The Batsman gate and railings was commissioned by the Radian Group in early 2012 and installed at the end of June 2012. The Public Artwork commission made up Radian’s S106 planning obligation linked a new housing development opposite Surrey’s Cricket Ground in Guildford, Surrey. Radian had the foresight and trust to offer us an open brief regards to design. Radian gave us a sensible completion date which we dutifully met with time to spare. I’d like to thank Radian’s senior project manager Rob Cummins for the opportunity to create this work and their builders Leadbitter Ltd. for their support enabling us to deliver the project on time and within budget.
I chose to tell a story with our Artwork. The Artwork imagery compromises of a Cricket Batsman caught in the act of hitting a ‘six’. The sculpture tells the story of an incoming fast ball, the skill of the batsman converts the fright of a fast bowled ball into the delight of a hard hit ball that no-one can field to safety.
The hope was that children and inevitably adults will want to touch and try to ‘pluck’ the ball from it ‘final resting place’ buried in the ‘damaged’ the railing (they won’t be able to of course!) The intent was realized within minutes of the work finally installed, when a member of the public patting the ball ‘lodged’ in the railing as they passed by. The Batsman and stylized cricket balls have a lot of suggested movement in their forms, although I designed the structure to be totally rigid and tamperproof.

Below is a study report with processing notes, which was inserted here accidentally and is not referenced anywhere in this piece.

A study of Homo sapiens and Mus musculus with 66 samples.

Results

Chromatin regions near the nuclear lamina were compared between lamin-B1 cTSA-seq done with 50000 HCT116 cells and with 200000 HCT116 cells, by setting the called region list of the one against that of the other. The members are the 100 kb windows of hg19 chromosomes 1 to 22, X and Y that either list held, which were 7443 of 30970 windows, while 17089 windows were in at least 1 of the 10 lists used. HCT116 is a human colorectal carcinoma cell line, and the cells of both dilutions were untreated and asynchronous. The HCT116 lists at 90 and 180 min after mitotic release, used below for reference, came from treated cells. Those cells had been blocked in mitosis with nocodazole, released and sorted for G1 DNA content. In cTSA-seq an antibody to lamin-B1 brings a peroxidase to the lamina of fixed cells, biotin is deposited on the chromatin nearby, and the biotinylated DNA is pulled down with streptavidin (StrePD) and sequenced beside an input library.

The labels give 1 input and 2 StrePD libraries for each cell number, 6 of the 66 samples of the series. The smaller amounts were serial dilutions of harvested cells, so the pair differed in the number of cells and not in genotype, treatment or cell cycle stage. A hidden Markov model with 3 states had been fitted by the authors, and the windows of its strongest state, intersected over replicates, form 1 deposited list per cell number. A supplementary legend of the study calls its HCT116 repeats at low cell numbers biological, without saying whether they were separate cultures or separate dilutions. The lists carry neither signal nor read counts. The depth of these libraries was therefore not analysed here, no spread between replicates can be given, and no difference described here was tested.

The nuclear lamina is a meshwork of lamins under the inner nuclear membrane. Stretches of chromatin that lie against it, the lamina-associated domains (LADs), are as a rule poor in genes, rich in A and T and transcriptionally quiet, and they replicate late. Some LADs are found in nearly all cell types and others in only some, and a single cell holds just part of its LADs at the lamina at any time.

The contemporary styled sculpture is made from hot forged mild steel and is reasonably ‘heavy’ in appearance. Hot forging by its nature imparts life, and suggests an organic and natural feel to what is otherwise a dead metal. There’s a contrasting surface textures, smooth rivet heads, heavily mottled textured bars etc. The sinuous, twisting body of the Batsman is at the foreground of the gate, fixed to the front of the gate frame, behind him are (intact) cricket stumps and behind that is the outline of a giant, stitched seam cricket ball. The gate frame copies the twisting action of the Batsman. The layering does not add up much depth, perhaps only 100mm, but compared to an ordinary gate it will appear deep and rich.
Material density also varies, the ‘balls’ (which are hollow spheres) will sound hollow when rapped with knuckles, whereas the batsman and stumps, rigid and unyielding. The artwork is viewed mainly from passing traffic and pedestrians walking past on both sides of the road, so a substantial build is desirable.
The steelwork is hot dipped galvanized and treated with Phosphoric acid, the surface is then cut back with a light abrasive. We then sealed the resultant effect with a hard wax. This is not a permanent process, just one that speeds up the final effect.